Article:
Paying communities compensation for hosting offshore wind farms "sounds like bribery", says a campaigner.
It follows a recent think tank report that called for action to avoid a "local backlash" against onshore work needed to support developments, such as pylons, cabling and substations.
Policy Exchange said "offshore wind wealth funds" should be introduced.
UK government officials said they wanted communities to benefit from wind farm developments.
John Lawson-Reay, who chaired a campaign group against the £2bn Gwynt y Mor farm off Llandudno, said the report "sounds very much like bribery" and "it actually sounds like sugar-coating the pill".
He said: "They're proposing this so that so-called communities - whatever they are - are going to get some sort of funding for something or other. But it's all so vague, and there's no way you can actually object to the wind farms at all.
"They're suggesting that somehow, somebody is going to get some money out of this, but I just can't see it happening."
He said one of the problems was defining communities.
"Which little block of people are a community and how is it going to be administered?" he asked.
How do offshore wind farms work?
Despite being out at sea, each offshore farm currently still needs to be connected to the onshore electricity network grid.
This can require significant infrastructure such on the land side, with substations, digging up the countryside for laying cables, and new pylons. According to the think tank report, that can equate to an area of land the size of a football stadium.
Planned new wind farms are already causing concern in East Anglia, and could lead to similar concerns in north Wales, Humberside and the east coast of Scotland, as more offshore wind farms are developed, it said.
The forward of the Policy Exchange report is written by former UK government energy secretaries, Dame Andrea Leadsom and Amber Rudd.
They warned: "Local communities are rightly concerned about the sheer amount of infrastructure built by individual offshore wind companies and the government must act.
"The government should urgently carry out an audit of all outstanding plans for onshore infrastructure relating to offshore wind farms and consider ways to minimise the damage to precious inland areas."
They added: "We already do this for onshore wind farms through 'Community Benefit Funds', and we were planning something similar for fracking.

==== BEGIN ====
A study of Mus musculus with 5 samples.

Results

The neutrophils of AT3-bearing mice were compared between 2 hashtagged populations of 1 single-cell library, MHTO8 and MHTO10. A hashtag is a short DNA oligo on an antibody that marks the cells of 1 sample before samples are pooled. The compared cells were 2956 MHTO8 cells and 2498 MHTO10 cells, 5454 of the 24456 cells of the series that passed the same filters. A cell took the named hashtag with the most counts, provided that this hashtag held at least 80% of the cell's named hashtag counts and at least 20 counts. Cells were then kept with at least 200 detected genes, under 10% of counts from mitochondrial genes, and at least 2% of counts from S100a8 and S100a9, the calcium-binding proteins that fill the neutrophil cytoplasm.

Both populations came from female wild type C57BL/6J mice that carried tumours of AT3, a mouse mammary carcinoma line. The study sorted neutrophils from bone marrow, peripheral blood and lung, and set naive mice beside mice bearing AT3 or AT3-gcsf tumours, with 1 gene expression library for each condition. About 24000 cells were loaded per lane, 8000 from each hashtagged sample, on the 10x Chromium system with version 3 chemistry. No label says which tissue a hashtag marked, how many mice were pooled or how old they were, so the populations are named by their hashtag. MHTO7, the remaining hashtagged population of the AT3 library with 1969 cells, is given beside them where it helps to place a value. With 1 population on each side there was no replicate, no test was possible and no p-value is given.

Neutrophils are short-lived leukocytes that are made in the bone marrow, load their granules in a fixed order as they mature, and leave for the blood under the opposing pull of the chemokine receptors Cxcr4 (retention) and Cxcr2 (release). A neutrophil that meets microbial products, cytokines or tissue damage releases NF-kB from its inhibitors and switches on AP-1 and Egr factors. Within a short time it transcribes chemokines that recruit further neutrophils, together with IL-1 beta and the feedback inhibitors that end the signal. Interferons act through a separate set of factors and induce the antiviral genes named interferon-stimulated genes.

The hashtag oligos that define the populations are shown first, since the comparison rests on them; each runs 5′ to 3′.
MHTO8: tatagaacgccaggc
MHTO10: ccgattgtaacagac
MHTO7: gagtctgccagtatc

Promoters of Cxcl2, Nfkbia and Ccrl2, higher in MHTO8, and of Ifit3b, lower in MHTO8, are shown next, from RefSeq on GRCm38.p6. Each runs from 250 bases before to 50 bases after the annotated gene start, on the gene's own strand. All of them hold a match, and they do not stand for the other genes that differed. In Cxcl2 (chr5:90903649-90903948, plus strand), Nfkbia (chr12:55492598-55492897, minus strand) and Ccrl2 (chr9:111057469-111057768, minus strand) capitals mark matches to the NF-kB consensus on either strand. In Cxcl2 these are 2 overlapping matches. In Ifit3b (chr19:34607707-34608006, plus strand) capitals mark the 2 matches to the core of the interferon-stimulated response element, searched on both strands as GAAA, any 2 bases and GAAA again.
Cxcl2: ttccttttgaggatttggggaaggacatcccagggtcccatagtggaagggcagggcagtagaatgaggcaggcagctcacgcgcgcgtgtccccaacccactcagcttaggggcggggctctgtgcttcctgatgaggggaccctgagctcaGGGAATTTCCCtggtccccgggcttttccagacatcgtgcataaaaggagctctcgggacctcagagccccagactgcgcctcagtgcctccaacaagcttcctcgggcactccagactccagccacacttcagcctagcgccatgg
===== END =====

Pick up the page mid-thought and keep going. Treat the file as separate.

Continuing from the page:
"It's absolutely right that coastal and rural communities should be compensated for hosting new large-scale infrastructure that provides national benefits but has local negative impacts."
Communities already receiving money from onshore wind farms
The Brenig Wind Ltd Community Benefit Fund is administered by rural development agency Cadwyn Clwyd, and is providing nearly £4m to community groups over 25 years.
Ruthin Rugby Club's mini and junior teams were recently awarded £25,000 from the fund to build a new storage shed. The shed will replace old, leaking shipping containers which currently house training kit.
Rob Hughes, chairman of Ruthin RFC mini and juniors section, said: "It means the world to us as a club and it's going to benefit the whole community of the rugby club. Some of our training things that we use are getting damp and a new storage shed is just what we need."
On the subject of compensation, he said: "I strongly believe in it because I think the local community should benefit from having turbines close by."
An official for the UK's Department for Business, Energy and Industrial Strategy said: "The offshore wind sector is a major British industrial success story, providing cheap, green electricity while supporting thousands of good-quality jobs.
"While there is a high amount of public support for offshore wind, we are determined to ensure local communities can fully share in the sector's success, and our Offshore Transmission Network Review will consider the impacts of offshore wind transmission structures on affected communities."